The Government of Ontario brought in a new regulation on April 1 that authorizes public health boards to disregard collective agreement provisions respecting work deployment or staffing so long as the action taken is a “reasonably necessary measure to respond to, prevent and alleviate the outbreak” of COVID-19.
What authority is given to the employer?
The authority given to public health units includes:
• Identifying staffing priorities and developing redeployment plans without the need to comply with collective agreement provisions. Those plans can include:
Re-deploying staff within different locations in or between facilities of the public health unit,
Changing the assignment of work, including assigning non-BU employees or contractors to perform BU work,
Changing the scheduling of work or shift assignments,
Deferring or cancelling vacations and other leaves, even if the leaves are statutory,
Employing PT or temp staff or contractors, including for the purpose of performing BU work,
Using volunteers to perform work, including BU work, and
Providing appropriate training or education as needed to staff and volunteers to achieve the purpose of the redeployment plan.
• Conducting skills and experience inventories of staff to identify alternative roles in priority areas
• Requiring information from staff, contractors or volunteers about availability to provide services to the agency or the municipality
• Requiring and collecting info from staff, contractors or volunteers regarding likely or actual exposure to COVID-19 or other health conditions that might affect their ability to provide services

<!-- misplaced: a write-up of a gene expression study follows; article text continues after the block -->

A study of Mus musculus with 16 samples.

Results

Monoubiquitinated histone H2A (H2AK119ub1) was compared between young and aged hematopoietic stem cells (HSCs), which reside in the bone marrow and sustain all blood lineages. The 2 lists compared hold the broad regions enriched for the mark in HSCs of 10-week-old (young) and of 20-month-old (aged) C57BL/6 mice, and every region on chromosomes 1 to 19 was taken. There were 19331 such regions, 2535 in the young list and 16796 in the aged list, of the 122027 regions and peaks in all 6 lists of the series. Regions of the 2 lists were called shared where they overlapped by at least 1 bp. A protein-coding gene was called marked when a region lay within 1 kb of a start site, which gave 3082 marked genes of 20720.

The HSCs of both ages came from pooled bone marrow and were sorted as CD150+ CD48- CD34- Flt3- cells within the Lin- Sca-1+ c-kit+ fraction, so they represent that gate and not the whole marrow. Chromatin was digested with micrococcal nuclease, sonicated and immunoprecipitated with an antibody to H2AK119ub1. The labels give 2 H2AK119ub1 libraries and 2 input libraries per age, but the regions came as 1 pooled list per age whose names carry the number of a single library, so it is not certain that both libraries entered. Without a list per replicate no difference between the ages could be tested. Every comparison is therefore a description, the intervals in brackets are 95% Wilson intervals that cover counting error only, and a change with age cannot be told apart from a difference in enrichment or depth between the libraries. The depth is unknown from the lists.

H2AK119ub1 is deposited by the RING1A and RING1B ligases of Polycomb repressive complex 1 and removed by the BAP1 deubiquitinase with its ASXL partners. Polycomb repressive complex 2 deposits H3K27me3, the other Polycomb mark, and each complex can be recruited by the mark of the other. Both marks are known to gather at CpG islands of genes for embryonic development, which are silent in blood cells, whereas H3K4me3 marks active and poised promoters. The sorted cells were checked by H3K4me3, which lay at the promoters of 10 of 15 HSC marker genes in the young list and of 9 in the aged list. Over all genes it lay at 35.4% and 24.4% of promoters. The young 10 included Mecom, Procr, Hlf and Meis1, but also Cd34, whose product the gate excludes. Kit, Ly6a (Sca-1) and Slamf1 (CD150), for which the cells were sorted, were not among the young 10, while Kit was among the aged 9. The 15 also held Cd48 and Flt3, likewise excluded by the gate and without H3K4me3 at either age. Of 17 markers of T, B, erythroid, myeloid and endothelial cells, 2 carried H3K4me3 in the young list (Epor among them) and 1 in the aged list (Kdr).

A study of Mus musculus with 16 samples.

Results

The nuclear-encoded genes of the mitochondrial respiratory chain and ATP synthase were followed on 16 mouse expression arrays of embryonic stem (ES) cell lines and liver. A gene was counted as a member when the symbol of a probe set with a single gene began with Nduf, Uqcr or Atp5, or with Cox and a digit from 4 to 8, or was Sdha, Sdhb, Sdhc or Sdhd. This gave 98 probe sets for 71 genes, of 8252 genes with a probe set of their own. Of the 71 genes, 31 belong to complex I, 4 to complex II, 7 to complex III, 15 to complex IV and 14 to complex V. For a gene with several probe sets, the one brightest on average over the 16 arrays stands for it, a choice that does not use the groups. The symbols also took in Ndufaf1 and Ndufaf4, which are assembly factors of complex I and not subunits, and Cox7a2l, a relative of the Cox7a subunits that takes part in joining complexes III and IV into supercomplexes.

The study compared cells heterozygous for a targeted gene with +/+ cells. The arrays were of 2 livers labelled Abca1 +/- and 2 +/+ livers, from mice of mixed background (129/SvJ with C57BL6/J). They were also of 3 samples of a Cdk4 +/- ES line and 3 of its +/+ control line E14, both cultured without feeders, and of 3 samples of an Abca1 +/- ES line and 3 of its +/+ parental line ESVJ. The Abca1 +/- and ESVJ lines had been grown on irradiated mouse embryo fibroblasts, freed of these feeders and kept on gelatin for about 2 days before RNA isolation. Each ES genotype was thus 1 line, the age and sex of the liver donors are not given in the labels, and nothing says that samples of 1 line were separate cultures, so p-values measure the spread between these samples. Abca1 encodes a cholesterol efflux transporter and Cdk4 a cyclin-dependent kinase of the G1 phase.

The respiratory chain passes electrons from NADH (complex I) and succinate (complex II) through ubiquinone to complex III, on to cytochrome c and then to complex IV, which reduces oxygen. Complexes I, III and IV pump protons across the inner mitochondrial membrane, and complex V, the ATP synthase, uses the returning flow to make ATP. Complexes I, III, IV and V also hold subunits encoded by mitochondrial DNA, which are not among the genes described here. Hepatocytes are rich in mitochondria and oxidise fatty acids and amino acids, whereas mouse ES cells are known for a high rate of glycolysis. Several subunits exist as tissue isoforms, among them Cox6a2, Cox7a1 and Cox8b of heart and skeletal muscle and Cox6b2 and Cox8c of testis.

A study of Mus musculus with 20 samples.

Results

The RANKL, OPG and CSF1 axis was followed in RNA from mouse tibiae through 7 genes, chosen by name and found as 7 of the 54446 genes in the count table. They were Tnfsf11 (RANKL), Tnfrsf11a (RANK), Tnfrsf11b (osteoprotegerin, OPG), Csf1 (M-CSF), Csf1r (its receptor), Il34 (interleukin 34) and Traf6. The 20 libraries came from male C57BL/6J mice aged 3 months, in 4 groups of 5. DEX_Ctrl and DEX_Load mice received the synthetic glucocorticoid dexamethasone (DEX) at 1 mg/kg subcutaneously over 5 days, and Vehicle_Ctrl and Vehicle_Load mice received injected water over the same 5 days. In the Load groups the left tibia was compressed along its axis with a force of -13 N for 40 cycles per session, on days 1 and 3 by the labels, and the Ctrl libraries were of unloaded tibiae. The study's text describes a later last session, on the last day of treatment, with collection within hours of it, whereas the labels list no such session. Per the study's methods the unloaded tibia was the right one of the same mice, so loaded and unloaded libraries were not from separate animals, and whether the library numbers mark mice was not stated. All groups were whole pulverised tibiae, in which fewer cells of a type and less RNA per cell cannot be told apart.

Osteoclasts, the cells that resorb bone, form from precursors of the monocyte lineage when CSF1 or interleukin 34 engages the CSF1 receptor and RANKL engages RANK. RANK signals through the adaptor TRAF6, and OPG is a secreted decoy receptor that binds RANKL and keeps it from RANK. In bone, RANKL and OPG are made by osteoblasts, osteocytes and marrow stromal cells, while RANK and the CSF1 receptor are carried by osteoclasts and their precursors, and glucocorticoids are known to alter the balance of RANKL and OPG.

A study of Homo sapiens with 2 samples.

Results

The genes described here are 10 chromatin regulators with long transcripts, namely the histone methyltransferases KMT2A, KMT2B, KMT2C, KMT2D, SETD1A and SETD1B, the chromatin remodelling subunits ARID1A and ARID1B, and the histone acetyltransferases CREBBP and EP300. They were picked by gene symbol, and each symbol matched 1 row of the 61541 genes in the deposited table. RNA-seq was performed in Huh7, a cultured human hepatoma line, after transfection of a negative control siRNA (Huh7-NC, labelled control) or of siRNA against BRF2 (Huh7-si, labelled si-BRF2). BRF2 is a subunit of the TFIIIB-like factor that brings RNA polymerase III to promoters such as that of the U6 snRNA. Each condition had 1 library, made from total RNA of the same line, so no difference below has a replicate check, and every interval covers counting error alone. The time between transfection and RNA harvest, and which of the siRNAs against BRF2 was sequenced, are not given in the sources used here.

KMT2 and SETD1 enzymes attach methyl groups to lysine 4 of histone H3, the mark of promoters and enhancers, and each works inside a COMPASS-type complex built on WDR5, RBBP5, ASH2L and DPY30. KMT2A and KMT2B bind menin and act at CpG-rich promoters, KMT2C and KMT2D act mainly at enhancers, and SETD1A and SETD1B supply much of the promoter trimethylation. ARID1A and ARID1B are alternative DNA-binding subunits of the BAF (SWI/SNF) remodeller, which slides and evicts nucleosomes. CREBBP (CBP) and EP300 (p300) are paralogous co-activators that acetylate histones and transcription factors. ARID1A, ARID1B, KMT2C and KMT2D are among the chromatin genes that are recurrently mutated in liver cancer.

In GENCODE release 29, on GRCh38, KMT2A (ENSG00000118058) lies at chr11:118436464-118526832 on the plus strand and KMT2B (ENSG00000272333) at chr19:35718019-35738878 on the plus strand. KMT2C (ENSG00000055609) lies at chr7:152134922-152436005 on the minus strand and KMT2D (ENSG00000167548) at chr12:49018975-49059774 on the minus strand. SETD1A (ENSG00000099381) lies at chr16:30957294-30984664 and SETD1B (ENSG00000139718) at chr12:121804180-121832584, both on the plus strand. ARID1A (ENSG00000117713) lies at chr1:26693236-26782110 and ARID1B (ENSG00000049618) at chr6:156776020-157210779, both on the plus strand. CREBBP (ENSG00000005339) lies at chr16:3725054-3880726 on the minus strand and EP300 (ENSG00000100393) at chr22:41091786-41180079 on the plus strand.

• Providing supports to staff and contractors to enable them to carry out their duties
• Cancelling or postponing services not related to the COVID-19 pandemic or services that the employer’s business continuity or pandemic plans do not deem to be critical
• Suspending the grievance process re any matter referred to in the regulation for the duration of the regulation.
Public health units are authorized to implement their redeployment plans even though they are contrary to the provisions of a collective agreement, including provisions regarding layoff, seniority, and bumping.
SHOULD WE BE CONCERNED ABOUT THESE POWERS?
We should be concerned any time a government allows an employer to override our constitutional rights. While we do not expect to see layoffs in public health units at this time, the new powers could easily be abused by employers, and could be part of a larger government attack on collective bargaining rights using the current crisis as cover.
What should my local do?
• Keep detailed accounts of an employer’s use of powers given by this regulation wherever the collective agreement is violated. This evidence will be crucial in any future legal proceedings or in negotiations with the government.
• Insist that employers using these powers explain in writing why they feel it is necessary to override the collective agreement.
• File grievances. Although the new regulation allows employers to “suspend” the grievance process, it does not prohibit grievances.
• Keep your CUPE National Staff Representative informed of violations. It is imperative that we track these violations and your staff rep may be asked to provide updates at any time.